Sexual abuse of Penan womenPosted: October 7, 2008
This has been in the papers lately. I’m not too savvy about what exactly is going on, but the gist of it that I understand is that there are allegations that some workers have been sexually abusing Penan women in Sarawak, and some unwanted pregnancies have resulted from those assaults. Some parties have urged that investigations be held to affirm if these allegations are true, and to take the necessary action.
KUCHING: Sarawak Deputy Chief Minister Tan Sri Alfred Jabu yesterday dismissed the claims of a Swiss non-governmental organisation that Penan women and girls were being sexually abused by workers from two logging companies.
Jabu said unless the Bruno Manser Fund could give details of their allegations, it would be a waste of time to investigate.
“Show proof. Tell us which Penan settlement.
“Hearsay and sweeping statements are unfair to Sarawak.”
To his credit, he also said:
“I have not heard of such complaints from the Penan community leaders in my many visits to Ulu Baram,”
If he has made many visits to the community, that’s great.
But I do find it disturbing that he said that it would be a waste of time to investigate unless proof is shown.
So will there be no investigation unless someone can prove that sexual abuse is really happening?
Sure, hearsay and allegations as such are unfair to Sarawak. But surely if investigations are not carried out, it is equally unfair to the womenfolk of Penan?
It seems that the news article was from late September. Today’s news is better:
KUCHING: Deputy Chief Minister Tan Sri Dr George Chan has called for a full investigation into claims of sexual abuse of Penan girls by timber workers.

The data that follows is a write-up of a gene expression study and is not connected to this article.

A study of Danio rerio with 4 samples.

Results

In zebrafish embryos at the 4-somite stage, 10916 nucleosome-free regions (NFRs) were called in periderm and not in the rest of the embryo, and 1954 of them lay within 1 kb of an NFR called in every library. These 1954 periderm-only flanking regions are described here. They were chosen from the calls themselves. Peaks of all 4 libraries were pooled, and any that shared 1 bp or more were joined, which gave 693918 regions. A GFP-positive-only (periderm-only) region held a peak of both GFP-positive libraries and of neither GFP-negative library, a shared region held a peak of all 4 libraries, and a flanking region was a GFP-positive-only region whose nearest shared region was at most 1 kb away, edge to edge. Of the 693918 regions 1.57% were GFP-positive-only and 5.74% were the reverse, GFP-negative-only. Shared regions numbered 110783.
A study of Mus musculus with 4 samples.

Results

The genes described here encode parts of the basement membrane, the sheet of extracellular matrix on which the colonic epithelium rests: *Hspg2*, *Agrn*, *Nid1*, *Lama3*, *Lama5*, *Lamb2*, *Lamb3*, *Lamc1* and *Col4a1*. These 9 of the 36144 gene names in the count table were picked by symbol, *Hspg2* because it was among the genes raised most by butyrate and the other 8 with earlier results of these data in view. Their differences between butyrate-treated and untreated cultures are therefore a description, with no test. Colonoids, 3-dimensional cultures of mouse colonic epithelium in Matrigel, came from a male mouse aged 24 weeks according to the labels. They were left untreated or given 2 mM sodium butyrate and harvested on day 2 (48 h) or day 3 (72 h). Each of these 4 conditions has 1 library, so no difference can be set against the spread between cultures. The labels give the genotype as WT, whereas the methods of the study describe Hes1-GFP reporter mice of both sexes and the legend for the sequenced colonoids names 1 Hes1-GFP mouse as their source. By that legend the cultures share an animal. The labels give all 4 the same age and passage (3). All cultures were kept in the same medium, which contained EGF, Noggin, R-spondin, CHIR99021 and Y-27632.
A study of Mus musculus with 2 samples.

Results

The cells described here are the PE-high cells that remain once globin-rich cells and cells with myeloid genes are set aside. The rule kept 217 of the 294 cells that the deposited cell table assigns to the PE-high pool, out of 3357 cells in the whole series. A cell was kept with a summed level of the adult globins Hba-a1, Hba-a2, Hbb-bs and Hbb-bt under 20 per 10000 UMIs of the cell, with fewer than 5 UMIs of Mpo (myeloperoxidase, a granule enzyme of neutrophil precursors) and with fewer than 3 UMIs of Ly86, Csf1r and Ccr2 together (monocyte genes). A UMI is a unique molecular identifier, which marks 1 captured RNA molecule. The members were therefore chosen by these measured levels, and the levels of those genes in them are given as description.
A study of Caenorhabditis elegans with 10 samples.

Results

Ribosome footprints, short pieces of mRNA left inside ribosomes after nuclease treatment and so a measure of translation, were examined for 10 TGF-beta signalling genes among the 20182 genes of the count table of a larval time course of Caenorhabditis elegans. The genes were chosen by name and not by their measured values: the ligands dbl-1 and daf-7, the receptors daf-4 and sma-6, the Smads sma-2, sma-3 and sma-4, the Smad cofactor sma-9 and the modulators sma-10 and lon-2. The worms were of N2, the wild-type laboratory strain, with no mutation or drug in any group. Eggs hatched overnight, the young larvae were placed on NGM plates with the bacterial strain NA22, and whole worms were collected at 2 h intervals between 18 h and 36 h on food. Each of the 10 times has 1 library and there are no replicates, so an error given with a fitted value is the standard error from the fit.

“This is a serious allegation and I hope that a complete investigation will be done to find out what’s going on,” he said on Tuesday.
He urged the media and the public not to speculate about the matter but to leave it to the police to investigate the matter thoroughly. He added that such allegations were bad for the country’s image and as such, it was important to get to the truth of the matter.
Full article from The StarOnline HERE.
They also have an article where they interviewed several Penan women HERE. Excerpts:
A visit to several villages reveals the prevalence of sexual abuse since the advent of commercial logging. Village leaders who readily air their grouses of hardship brought by logging are hesitant to talk about the sexual exploitation by workers from nearby logging camps.
Nonetheless, at Long Pakan, Bulan Laing, a female elder claims that violation of the women began around 1996 when a Miri-based logging company arrived.
Asked if the cases were reported to the police, Bulan appears not to know that rape is a criminal offence.